Anyone can experience abuse, regardless of gender, age, ethnicity, socio-economic status, sexuality, or background. It is not always immediately apparent that someone may be abusive towards you, this can develop over time.
Although every situation is different, there are usually common factors that would indicate domestic abuse. There are healthy and unhealthy behaviours in most relationships. However, if you feel unsafe you should seek advice and support.
The following information can help you to recognise if you or someone you know is experiencing abuse in a relationship. Always remember that it is not your fault.
Recognising domestic abuse in a relationship
If you are afraid of a relative or your partner, that is not right. You might be worried to say what you think and feel you have to avoid certain subjects to avoid tension, hostility or actual violence. It maybe that you can’t see friends, family or work colleagues and cannot take part in different hobbies.
You may feel that you cannot make a decision (no matter if large or small) without getting your partner or relatives permission, as they will make negative and unsupportive comments to you or people you care about.
You may also notice that either children or animals are threatened or harmed, and used as a means to control you.
Money maybe a worry and you may not be allowed to spend what you want when you want.
No matter the reason, fear has no place in a healthy relationship.
Does your partner, ex-partner, or someone you live with:
- cut you off from family and friends and intentionally isolate you?
- is often jealous when you spend time with others and possessive of you?
- insult you, put you down or make unkind comments about you, or do not listen to you or consider your opinions and feelings?
- bully, threaten, control you or make you feel frightened?
- take control of your finances?
- prevent you from doing things you want and going to places such as school or work?
- make you do things that you do not want to do?
- monitor or limit your use of your phone or other technology?
- are they aggressive, or harm you in any way?
- threatening you or your friends, family or pets?
Domestic abuse is not always physical violence, it can also include:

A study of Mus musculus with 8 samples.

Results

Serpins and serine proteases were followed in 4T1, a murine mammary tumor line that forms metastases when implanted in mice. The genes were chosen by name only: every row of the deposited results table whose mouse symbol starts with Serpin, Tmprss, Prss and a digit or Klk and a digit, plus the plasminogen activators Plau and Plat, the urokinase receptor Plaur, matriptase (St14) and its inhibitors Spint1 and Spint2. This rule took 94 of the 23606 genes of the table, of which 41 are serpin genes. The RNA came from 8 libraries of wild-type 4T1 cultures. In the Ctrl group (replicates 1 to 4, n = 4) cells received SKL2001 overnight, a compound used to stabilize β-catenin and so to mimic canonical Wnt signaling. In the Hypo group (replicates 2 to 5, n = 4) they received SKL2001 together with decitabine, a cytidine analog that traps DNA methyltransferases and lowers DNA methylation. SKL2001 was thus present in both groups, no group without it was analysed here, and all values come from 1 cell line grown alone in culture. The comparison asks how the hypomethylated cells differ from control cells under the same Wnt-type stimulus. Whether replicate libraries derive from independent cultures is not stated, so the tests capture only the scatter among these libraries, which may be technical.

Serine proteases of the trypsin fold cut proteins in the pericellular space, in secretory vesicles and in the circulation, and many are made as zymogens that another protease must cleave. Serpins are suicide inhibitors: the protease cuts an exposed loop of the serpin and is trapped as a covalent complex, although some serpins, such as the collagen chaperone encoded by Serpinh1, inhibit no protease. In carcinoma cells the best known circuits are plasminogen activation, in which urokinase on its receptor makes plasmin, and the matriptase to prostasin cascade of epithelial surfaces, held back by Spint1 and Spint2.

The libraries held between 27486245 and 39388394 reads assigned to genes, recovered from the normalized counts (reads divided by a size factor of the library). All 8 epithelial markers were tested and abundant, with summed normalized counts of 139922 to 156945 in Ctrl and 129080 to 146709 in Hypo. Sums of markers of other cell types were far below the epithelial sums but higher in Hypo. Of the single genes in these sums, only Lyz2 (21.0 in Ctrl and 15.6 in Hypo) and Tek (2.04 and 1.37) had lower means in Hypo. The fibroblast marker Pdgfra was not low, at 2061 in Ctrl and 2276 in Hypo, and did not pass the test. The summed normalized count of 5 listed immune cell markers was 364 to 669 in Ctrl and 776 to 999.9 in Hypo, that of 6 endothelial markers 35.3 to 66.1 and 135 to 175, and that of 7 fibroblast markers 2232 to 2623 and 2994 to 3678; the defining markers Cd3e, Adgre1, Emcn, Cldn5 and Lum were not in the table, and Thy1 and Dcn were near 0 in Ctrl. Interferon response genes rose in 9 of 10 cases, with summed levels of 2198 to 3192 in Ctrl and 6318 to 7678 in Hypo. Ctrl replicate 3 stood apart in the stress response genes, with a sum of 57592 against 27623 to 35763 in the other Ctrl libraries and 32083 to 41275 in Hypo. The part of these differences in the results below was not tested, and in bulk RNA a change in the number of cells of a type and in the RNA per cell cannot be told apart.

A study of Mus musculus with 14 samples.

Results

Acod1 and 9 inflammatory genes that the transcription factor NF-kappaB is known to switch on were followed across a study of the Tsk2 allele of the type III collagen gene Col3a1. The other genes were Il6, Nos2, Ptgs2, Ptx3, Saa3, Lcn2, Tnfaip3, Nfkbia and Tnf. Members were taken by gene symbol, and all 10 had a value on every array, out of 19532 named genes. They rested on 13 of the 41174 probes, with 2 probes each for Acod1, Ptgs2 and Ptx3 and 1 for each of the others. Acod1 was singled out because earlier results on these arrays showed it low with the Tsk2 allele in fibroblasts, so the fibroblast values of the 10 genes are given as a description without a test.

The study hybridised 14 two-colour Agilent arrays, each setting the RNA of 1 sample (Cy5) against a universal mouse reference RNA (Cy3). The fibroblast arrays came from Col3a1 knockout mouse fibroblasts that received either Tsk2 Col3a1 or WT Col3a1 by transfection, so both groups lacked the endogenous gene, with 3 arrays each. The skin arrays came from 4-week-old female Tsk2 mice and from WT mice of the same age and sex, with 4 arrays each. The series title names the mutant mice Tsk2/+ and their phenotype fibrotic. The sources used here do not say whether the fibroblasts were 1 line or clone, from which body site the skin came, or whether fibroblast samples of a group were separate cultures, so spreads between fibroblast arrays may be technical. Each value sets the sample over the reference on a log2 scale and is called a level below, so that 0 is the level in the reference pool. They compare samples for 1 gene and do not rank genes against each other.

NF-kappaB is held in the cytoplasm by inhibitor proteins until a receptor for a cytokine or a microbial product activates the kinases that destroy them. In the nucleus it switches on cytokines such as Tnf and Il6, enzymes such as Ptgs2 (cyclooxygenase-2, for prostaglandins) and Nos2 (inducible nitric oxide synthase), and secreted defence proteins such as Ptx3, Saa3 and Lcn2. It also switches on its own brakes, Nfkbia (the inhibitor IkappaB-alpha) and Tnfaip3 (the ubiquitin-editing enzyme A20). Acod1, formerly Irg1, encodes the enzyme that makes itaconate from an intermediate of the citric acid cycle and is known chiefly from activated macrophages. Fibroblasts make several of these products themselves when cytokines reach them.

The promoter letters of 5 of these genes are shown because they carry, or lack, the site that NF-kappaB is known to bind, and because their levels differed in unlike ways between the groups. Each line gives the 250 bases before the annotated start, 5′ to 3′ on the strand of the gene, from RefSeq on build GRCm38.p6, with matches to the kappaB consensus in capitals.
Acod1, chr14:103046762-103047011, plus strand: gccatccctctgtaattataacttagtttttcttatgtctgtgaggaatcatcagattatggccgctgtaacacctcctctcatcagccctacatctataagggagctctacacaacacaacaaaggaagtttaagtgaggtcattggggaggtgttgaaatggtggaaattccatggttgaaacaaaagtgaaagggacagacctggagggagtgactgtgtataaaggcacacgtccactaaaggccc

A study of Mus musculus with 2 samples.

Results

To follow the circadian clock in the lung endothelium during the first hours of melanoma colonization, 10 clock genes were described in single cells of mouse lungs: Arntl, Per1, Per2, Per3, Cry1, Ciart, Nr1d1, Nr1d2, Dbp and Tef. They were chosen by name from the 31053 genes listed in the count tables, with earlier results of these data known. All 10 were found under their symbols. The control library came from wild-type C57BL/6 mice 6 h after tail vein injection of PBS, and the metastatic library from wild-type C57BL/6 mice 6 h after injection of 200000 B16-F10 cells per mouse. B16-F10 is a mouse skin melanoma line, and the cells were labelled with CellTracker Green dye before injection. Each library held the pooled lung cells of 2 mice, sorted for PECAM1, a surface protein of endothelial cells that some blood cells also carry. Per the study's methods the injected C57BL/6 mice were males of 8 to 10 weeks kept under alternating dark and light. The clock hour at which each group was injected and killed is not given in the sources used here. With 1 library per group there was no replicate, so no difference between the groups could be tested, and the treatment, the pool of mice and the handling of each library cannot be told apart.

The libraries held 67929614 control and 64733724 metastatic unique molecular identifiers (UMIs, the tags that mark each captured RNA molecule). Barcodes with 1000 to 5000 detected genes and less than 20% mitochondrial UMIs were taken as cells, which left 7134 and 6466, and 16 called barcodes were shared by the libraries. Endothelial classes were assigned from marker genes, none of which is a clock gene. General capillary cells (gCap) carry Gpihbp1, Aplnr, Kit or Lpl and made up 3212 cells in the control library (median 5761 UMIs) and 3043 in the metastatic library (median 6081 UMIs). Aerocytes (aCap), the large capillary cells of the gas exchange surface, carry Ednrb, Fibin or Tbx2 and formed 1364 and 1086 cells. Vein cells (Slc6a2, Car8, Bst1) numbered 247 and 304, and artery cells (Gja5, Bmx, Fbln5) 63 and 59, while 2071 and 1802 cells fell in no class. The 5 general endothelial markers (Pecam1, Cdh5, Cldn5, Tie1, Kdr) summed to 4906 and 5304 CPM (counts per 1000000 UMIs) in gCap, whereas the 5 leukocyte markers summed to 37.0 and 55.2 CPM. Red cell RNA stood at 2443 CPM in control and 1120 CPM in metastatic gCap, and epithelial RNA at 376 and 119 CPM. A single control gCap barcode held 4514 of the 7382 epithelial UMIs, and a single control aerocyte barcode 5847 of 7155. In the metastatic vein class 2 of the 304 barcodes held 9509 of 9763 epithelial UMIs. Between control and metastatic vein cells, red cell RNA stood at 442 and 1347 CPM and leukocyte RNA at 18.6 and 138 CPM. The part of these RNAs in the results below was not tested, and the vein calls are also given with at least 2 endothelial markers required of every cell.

- coercive control and ‘gaslighting’
- economic or financial abuse
- online or technical abuse
- threats and intimidation
- emotional abuse
- sexual abuse
Signs to look out for
If you believe that you are a victim of domestic abuse, there are signs that you can look out for including:
- being withdrawn, or isolated from your family and friends
- having bruises, burns or bite marks on you
- feel anxious or shameful of the relationship
- not being allowed to leave your house, or stopped from going to college or work
- having your internet or social media use monitored, or someone else reading your texts, emails or letters
- being repeatedly belittled, put down, told you are worthless or damaging your reputation
- being pressured into sex or sexual contact
- being told that abuse is your fault, or that you are overreacting
- accusing you of flirting or cheating and attempting to control the things you do and who you spend time with
- when a person feels the need to be in constant contact with you
If something does not feel right in your relationship, it probably isn’t. We can help you understand this better and support you with the next steps.
You are not alone.
Get in touch
If you are worried that your relationship is showing unhealthy signs, and you may be experiencing domestic abuse, or you are worried about someone you know, or are concerned about the impact of your behaviour towards others, then help is available. Contact us online or phone us 0800 69 49 999.